New Hampshire’s legislators made history Wednesday, gathering both outdoors and outside the confines of Concord for Organization Day, 2020. The weather was cold, reflecting the relationship between the two parties. The surroundings were new, but many of the partisan battles were carried over from the previous biennium.

The House unanimously elected Representative Dick Hinch of Merrimack as the chamber’s Speaker. Former Speaker Shurtleff (D-Penacook), in a lone note of unity in the chamber, made the motion to unanimously elect Hinch. As expected, Hinch appointed Rep. Jason Osborne (R-Auburn) as his majority leader and Rep. Renny Cushing (D-Hampton) as Democrat leader. Cushing was elected by the Democrat caucus in November through a three-round ranked-choice vote.

Turnout was light – only 270 of the 400 elected representatives attended to take their oaths of office – but that wasn’t due to the weather. Instead, many Democrats and a handful of Republicans cited health concerns due to potential exposure to COVID-19. Democrats were angry the GOP leadership knew of members who’d contracted the coronavirus but didn’t reveal that information until Tuesday.

Speaker Hinch says the members who tested positive did not attend Wednesday’s session and quarantined as directed by public health directives.

Cushing held a press conference Wednesday morning decrying that decision, then joined scores of his party’s delegation who skipped the ‘pomp & circumstance’ of Wednesday’s ceremonies.

Representatives who declined to attend will be sworn in via videoconference on Thursday.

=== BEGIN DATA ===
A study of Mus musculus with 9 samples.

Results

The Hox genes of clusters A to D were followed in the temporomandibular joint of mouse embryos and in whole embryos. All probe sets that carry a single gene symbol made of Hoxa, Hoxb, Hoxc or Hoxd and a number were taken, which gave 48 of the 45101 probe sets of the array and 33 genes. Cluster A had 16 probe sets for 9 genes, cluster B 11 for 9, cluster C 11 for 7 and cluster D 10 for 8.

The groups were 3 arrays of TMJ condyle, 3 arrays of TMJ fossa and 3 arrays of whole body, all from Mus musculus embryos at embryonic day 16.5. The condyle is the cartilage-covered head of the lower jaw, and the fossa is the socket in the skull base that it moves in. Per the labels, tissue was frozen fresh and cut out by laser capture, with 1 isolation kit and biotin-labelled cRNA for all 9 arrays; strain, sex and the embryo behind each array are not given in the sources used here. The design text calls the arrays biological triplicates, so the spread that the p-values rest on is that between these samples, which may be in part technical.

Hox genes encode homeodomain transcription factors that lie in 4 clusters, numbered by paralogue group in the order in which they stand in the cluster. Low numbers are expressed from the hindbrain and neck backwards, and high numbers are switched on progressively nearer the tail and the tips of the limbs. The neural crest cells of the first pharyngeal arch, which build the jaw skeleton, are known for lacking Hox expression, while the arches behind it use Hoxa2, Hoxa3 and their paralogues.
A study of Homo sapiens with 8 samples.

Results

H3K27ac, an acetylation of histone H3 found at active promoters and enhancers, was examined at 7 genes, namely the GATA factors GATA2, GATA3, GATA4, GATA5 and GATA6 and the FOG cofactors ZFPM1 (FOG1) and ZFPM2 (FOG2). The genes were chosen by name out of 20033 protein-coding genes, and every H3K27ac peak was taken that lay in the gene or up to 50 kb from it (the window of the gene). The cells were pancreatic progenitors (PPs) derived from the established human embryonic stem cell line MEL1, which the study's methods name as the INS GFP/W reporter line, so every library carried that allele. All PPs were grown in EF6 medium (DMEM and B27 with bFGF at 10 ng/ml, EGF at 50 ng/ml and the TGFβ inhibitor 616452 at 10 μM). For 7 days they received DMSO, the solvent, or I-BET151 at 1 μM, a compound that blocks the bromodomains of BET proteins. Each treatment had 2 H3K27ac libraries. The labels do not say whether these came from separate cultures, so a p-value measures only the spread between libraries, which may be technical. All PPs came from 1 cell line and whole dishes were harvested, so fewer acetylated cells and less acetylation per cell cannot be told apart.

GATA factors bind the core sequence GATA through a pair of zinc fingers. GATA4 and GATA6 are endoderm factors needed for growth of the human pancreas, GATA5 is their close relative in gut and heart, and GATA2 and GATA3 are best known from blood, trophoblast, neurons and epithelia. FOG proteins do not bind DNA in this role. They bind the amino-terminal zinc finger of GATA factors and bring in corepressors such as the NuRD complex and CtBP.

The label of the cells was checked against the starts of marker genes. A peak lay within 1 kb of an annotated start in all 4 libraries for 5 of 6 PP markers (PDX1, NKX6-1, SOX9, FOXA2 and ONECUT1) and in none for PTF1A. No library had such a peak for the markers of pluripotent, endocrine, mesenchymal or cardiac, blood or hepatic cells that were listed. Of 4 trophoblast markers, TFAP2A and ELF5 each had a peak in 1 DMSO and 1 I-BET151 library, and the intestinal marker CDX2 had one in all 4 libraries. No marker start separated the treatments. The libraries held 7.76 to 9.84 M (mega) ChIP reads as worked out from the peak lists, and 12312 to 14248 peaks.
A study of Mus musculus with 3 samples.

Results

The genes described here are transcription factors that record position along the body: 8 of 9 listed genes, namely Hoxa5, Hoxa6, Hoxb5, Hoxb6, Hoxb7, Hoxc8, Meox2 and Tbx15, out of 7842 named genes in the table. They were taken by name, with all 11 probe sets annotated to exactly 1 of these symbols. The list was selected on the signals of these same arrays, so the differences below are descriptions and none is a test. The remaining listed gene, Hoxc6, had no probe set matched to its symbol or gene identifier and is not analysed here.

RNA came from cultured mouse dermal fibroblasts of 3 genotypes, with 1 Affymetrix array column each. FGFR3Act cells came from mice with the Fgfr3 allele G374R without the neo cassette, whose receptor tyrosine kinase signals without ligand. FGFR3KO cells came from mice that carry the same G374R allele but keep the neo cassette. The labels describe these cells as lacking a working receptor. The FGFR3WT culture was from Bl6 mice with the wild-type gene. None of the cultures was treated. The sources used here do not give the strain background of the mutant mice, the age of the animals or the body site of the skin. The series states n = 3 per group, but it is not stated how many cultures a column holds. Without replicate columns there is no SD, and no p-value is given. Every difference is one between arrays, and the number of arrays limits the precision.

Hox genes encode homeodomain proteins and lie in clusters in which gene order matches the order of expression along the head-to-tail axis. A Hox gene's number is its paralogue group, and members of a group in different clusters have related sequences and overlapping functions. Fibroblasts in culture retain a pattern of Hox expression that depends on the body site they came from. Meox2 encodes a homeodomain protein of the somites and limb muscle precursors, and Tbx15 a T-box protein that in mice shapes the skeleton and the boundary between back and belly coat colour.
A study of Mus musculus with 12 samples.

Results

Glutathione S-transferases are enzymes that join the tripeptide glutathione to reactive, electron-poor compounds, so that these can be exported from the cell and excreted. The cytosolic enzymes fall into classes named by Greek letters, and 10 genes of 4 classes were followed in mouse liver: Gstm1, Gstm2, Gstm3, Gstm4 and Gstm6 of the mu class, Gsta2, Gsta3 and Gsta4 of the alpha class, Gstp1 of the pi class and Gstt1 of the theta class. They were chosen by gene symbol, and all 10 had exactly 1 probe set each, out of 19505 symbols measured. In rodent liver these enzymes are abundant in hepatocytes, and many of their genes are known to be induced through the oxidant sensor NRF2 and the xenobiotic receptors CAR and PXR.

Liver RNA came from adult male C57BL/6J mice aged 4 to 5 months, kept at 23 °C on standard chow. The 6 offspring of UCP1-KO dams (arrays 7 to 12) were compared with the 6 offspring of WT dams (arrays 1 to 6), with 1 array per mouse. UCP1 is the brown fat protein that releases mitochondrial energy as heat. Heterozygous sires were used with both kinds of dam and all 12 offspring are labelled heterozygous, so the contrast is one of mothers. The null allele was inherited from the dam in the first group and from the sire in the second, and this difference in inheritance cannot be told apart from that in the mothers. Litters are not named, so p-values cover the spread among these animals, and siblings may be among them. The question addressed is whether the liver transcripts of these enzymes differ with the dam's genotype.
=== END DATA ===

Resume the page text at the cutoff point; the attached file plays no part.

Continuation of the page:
One unintended result from the Democrats’ decision to stay home: The GOP’s slim elected majority grew to a supermajority, a circumstance Republican members were ready to take advantage of.

The niceties ended after the House and Senate, in a joint session of the legislature, unanimously elected Bill Gardner to his twenty-third term as Secretary of State, the longest tenure of any Secretary of State in the nation.

Republicans, seizing the opportunity, amended the usual housekeeping resolution for adopting rules. Traditionally, the House will temporarily adopt the rules of the most recent biennium as a place-holder, which are then subject to amendment when the House reconvenes in early January.

Instead, Representative Andrew Prout (R-Hudson) made a motion to amend that resolution to instead adopt the rules from the previous biennium, the 2017-2018 session. The motion passed, on a standing division vote, 180 to 63. The move removed divisive Democrat rule changes that banned firearms from the House chambers, required in-person sexual harassment training, and complicated other internal House processes.

“This is a brazen political power grab,” said Representative Timothy Smith (D-Manchester) in his floor speech opposing the amendment, calling it “frivolous political theater.”

Rep. Andrew Bouldin, also a Manchester Democrat, further attempted to amend the rules to allow for remote participation in House proceedings. House Clerk Paul C. Smith, unanimously elected to another term earlier in the day, said to the body that while the Supreme Court opined that a remote session would fit the Constitution, the House would first have to adopt rules allowing for such participation, which currently do not exist.

“Let’s make this the last legislative super-spreader event,” Bouldin said in defense of his motion, which failed with only 56 votes in favor.

In an even more unprecedented move, Representative Scott Wallace (R-Danville) attempted to suspend the rules in order to pass a resolution ending the state of emergency. The motion required a two-thirds majority but fell far short, failing 95-137. Under statute, the legislature can end a governor’s state of emergency through the passage of a resolution through both the House and the Senate.

Some Republicans attempted a similar move at a House session in June. That motion only received 57 votes.

Before closing out the day and recessing until January, Representative Michael Sylvia (R-Belmont) asked the body to delay the seating of any representative that receives an electronic swearing-in ceremony.